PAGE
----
As a follow-up to the Five Movies Rentokil Would Have Ruined, we are looking at some of the literature Rentokil could have ruined. Read on to find out how.
Charlotte’s Web is the story of an unlikely friendship between a spider named Charlotte and a pig called Wilbur. When the farmer who owns Wilbur wants to slaughter him for Christmas dinner, Charlotte saves his life by spinning webs that sing his praises. Eventually, Charlotte dies, having reached her natural life span, but not before laying eggs to creat a new generation of spider friends for Wilbur.
Though it seems sweet that the little spiders stay with Wilbur, this is in fact an infestation. The farmer easily could have prevented this by moving Charlotte to a nearby tree with a bug catcher. But then the story would have ended abruptly in December.
Paul Edgecomb is in charge of the Cold Mountain Penitentiary, where he meets convict John Coffey who has a strange ability to heal others. He reveals this by reviving an inmate’s pet mouse that had been stomped to death by a sadistic guard, which sets of a chain of events that culminate in his proving his innocence but choosing to be executed to escape the pain of the world.
Yes, he was guilty of saving the life of a creature that at the best of times eats people’s food and at the worst spreads nasty diseases. We wouldn’t go so far as to say the sadistic guard did the right thing, but with a few well-placed mouse traps, Cold Mountain Penitentiary could have been mouse-free in a much more humane way.
Since you probably already know the plot to The Lord of the Rings, you’re probably asking yourself how Rentokil could possibly ruin it. Well, at the climax of the The Two Towers, Gollum leads Sam and Frodo into the lair of Shelob in an attempt to kill the hobbits and steal back the ring. Shelob, you may recall, is a giant spider (a tenuous pest link but a pest none-the-less).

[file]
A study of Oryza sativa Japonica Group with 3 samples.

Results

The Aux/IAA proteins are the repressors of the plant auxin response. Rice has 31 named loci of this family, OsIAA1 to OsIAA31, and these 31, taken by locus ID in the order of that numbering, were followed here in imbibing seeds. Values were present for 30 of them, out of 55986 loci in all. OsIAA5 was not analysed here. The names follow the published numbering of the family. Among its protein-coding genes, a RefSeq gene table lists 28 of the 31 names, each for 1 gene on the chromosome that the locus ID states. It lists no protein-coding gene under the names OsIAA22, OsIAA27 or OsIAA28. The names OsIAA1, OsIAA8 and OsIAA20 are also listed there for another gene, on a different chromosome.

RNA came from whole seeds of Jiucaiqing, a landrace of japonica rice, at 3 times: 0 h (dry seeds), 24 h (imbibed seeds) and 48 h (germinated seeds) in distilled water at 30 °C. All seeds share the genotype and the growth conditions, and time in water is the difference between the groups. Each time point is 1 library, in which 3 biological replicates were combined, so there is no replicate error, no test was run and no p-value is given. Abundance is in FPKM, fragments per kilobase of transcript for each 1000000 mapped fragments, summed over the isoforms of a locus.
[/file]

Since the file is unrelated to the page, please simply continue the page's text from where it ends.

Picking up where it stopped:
Had we been there, we would have tried to minimise the effect the spider had on the situation by filling in gaps around its nesting site, removing its web (no mean feat!) and removing any hiding places it could move to once spring-cleaning had been carried out.
The gist of the story is that Gregor Samsa wakes one morning only to discover he has transformed into a bug. As he loses the capacity for speech and shrinks to the size of a large insect, his family no longer consider him their son and brother, and he starves to death alone and neglected.
Had the Samsa family used an insect spray, they could have gotten rid of him long before the pain of starvation did. Okay, so this isn’t light or anything, but what do you expect from literature’s bleakest existential novella?
Man and rat have been natural enemies for many millennia. Now, somehow, the tables have turned, and the rats are enjoying a massive feast. Of human flesh. The story centres on Harris, an East London teacher who must face the master of the rats in an epic fight to the death.
If they had called in a professional pest control company from the beginning, they could have created a plan involving poison, traps and gas that would have solved the rat problem whilst simultaneously creating the problem of an industrial scale clean-up operation of all the bodies.
So tell us, what do you think? Which books have we missed out? How would you handle those literary pests?